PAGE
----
64 bits

Sunday, November 14, 2004

I think 2005 will be a big year for AMD in the 64 bit server market. Dell has only shipped Intel chips for the longest time, but they are hinting about building 64 bit servers and workstations with AMD CPUs in the future. The move to AMD would make sense. From everything I’ve read, the 64 bit AMD chips are giving Intel a pretty thorough trouncing in performance and Intel is not catching up soon enough.

Most of our customers have a data warehouse in the 40GB – 300GB range, and some are growing at 100 MB a day. Not the biggest databases in the world by any means, but most of these hospitals are using conservative hardware. We do most of our performance testing against a 500 Mhz Pentium database server with 1 GB of RAM and a 100GB warehouse. If we can get a 10 second response times on this machine, it’s optimized for production use.

Most of our customers are not willing to fork over the money to keep the OLAP database and the warehouse on separate machines. They want to keep everything on a single machine to lower licensing and administration costs. The problem with the single machine setup is apparent when watching Analysis Services crunch through 100 million records during cube processing. It’s like watching a steel cage death match between OLAP and SQL Server as to who can grab the most RAM.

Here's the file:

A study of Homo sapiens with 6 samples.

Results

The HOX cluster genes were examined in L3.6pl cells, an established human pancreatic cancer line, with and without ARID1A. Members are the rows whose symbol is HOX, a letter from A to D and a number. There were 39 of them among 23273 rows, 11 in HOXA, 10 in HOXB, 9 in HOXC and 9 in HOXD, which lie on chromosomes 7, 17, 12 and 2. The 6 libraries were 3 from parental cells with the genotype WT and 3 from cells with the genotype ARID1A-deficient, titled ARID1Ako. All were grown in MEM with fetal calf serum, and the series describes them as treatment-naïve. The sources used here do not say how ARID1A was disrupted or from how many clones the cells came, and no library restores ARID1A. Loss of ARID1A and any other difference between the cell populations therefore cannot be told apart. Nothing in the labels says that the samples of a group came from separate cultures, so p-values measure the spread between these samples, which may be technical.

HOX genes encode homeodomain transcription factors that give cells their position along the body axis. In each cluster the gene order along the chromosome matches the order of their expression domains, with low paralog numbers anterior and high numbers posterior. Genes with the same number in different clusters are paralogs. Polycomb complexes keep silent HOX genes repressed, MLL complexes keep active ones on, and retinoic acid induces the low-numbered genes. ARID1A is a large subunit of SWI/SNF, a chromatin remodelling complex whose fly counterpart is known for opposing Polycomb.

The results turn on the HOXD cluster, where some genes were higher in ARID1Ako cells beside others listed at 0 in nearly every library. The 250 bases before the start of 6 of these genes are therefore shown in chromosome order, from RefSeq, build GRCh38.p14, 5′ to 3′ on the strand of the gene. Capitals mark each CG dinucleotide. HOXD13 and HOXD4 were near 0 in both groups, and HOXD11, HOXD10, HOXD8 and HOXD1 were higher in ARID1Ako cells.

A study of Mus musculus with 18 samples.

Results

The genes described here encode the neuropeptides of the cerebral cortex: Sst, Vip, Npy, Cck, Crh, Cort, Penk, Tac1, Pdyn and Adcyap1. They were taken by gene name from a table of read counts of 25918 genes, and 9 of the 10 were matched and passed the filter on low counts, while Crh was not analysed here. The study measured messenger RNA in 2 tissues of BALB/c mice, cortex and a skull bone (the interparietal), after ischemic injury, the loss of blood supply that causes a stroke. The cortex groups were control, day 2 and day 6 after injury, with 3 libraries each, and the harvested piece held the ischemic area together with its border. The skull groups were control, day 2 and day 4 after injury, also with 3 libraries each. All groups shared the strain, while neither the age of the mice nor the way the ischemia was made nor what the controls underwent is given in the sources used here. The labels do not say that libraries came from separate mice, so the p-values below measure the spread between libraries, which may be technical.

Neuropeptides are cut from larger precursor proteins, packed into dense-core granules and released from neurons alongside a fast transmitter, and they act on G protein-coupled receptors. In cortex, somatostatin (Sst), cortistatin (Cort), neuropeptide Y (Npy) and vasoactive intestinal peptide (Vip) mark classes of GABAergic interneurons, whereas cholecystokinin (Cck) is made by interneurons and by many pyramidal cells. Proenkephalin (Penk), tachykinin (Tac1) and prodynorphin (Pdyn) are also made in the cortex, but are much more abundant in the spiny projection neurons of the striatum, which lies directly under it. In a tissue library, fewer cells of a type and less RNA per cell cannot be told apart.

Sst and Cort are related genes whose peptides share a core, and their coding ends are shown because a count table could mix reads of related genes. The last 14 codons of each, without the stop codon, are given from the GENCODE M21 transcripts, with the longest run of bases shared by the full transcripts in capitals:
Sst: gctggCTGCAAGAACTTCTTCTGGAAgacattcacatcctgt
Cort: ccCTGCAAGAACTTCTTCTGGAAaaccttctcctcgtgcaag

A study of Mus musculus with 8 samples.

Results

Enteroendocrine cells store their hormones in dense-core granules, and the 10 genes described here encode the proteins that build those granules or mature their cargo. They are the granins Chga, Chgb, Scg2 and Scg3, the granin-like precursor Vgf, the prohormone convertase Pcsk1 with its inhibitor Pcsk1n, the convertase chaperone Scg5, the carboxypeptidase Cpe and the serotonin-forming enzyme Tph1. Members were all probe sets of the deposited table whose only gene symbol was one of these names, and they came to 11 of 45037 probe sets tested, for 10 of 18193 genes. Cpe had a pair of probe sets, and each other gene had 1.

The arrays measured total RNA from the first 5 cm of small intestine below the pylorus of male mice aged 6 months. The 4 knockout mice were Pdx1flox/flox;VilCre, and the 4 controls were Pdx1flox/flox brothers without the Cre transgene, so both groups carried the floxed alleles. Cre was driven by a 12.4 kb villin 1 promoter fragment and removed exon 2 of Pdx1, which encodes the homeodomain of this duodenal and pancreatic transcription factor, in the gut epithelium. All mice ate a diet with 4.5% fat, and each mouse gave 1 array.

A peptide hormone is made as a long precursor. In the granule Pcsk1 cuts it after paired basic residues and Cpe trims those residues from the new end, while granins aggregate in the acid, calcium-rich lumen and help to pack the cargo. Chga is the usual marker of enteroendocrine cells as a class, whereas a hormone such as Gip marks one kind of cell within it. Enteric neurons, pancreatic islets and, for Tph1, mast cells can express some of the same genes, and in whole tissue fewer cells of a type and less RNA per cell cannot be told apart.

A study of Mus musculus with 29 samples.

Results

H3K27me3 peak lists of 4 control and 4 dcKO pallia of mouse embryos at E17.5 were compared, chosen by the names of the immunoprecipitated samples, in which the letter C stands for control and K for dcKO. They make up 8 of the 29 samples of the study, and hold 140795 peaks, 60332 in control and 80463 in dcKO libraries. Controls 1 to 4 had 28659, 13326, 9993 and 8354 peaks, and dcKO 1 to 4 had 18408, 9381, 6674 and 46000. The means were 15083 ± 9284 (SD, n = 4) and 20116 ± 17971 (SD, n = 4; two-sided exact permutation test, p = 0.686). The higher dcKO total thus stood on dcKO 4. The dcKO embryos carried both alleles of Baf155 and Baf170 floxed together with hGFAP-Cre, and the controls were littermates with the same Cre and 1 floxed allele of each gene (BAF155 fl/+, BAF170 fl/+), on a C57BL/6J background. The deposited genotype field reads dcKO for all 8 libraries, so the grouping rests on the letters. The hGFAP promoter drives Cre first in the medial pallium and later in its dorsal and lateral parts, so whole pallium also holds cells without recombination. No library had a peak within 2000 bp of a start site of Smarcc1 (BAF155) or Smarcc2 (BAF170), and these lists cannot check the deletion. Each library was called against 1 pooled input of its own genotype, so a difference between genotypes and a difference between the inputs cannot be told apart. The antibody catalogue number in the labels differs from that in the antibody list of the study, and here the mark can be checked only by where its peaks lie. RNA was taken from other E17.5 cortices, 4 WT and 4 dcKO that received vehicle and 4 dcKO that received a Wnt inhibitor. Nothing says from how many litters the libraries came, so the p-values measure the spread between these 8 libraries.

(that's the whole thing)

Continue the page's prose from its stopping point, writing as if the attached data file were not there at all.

The single machine might work if only more memory were available. The 32 bit version of Analysis Services does not support Address Windowing Extensions (AWE), so the most memory the process can have is 3 GB with the /3GB switch enabled, a barrier the 64 bit version overcomes. SQL 2000 64 bit only supports Itanium, whose sales cannot seem to get off the ground. SQL 2005 will support AMD64. I’m thinking this will fly off the shelf for anyone doing OLAP work with a warehouse (though we’ve yet to see pricing for 2005).

I did a quick search for dual 64 bit Opteron servers on eBay today and found this. The server uses 40 400GB SATA drives to offer 16TB of storage, and has 8 GB of RAM. Yours for only $30,000 US. Just think, in five years, you could probably replace it with a notebook or cell phone.